A man awaiting sentencing for killing a Missouri police officer is challenging the constitutionality of a state law that allows judges to hand down the death sentence.
A jury in June convicted 45-year-old Ian McCarthy of first-degree murder in the fatal shooting of Clinton Police Officer Gary Lee Michael Jr. during a 2017 traffic stop. After days of deliberation, the jury informed the judge that it couldn’t decide between the state’s only two sentences for first-degree murder: life in prison without parole, or death.
Missouri and Indiana are the only active death penalty states that allow judges to sentence people to die. Montana also allows judges to hand down death sentences, but it hasn’t executed anyone since 2006.
McCarthy’s attorneys filed a motion last week asking a Jackson County judge to declare the state law unconstitutional and to sentence McCarthy to life in prison. Judge Marco Roldan will consider the motion at the sentencing hearing on Friday.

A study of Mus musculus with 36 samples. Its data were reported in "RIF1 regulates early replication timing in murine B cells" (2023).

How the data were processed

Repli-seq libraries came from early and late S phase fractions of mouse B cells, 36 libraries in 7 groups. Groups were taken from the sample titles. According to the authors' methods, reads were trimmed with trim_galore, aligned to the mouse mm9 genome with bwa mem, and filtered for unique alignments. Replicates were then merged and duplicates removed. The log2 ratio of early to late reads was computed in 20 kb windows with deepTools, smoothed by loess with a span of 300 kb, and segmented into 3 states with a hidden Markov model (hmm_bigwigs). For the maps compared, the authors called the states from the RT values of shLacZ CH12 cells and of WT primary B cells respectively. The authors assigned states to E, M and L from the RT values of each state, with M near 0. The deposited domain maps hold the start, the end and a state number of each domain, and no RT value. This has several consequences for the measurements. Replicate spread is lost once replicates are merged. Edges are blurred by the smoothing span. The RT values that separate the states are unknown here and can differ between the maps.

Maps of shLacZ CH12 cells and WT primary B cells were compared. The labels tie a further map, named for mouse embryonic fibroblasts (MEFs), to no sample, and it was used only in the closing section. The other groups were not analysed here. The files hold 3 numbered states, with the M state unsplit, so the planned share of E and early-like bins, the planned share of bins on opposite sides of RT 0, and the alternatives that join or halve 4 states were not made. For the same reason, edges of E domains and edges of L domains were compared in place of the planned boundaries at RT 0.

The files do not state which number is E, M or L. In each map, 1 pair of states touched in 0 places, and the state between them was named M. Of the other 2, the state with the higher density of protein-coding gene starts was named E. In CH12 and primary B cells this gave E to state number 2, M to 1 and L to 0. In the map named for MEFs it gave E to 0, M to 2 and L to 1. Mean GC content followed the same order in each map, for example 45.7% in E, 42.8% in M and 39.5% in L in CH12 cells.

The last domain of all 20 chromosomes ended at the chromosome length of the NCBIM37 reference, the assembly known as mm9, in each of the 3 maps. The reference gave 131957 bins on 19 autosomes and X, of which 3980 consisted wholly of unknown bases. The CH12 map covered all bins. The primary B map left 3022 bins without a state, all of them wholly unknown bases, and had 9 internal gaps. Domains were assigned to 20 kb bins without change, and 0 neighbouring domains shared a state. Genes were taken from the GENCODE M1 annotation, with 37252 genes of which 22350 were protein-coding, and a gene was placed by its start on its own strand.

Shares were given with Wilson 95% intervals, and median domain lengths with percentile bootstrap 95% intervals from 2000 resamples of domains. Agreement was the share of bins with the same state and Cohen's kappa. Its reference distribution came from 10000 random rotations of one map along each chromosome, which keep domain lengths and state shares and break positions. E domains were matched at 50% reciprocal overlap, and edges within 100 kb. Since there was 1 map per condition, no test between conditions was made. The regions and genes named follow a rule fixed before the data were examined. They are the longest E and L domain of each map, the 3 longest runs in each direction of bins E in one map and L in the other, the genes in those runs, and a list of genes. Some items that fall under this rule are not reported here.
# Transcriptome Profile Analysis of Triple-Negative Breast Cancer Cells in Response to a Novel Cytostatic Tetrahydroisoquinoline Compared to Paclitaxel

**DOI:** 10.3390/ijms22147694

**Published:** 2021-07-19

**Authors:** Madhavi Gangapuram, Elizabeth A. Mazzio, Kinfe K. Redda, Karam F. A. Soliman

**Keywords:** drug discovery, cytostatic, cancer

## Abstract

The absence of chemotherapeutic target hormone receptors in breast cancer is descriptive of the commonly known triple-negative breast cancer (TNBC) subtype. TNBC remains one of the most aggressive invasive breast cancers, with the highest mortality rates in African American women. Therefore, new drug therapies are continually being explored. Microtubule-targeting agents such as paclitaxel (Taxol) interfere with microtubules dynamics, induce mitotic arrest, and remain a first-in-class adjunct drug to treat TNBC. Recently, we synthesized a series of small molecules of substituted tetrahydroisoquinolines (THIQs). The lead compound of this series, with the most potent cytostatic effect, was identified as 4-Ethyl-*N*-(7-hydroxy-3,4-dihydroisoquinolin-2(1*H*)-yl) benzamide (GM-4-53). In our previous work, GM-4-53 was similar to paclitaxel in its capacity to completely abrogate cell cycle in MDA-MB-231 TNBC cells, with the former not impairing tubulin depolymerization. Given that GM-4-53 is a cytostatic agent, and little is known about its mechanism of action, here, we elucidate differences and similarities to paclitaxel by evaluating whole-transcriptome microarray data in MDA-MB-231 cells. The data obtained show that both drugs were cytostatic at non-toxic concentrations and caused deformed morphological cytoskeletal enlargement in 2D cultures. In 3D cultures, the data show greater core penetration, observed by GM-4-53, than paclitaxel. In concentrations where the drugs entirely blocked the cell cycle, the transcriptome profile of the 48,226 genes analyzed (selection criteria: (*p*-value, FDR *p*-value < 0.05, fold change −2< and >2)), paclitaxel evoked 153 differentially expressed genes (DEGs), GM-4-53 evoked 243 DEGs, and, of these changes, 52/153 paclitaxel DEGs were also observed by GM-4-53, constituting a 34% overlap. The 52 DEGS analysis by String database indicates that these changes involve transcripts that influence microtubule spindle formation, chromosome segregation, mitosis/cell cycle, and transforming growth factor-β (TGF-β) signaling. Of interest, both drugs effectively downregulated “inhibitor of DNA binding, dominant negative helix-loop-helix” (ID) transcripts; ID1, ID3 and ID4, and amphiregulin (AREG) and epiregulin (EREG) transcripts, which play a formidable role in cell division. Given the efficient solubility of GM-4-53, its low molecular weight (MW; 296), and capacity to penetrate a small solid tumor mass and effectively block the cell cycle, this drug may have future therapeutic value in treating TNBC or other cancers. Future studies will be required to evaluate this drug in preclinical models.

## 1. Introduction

In another case, the Missouri Supreme Court in 2019 upheld the sentence for Craig Wood, who was sentenced to death by a judge for kidnapping, raping and killing a 10-year-old girl in 2014. Wood remains on death row and no execution date has been set.
On Aug. 6, 2017, McCarthy used a high-powered rifle to fatally shoot Michael, 37, during a traffic stop in Clinton, about 75 miles (121 kilometers) southeast of Kansas City. McCarthy was captured two days later in a rural area of Henry County.
The court filing on behalf of McCarthy states that since the jury couldn’t reach unanimous agreement on a sentence, McCarthy should have been given life without parole.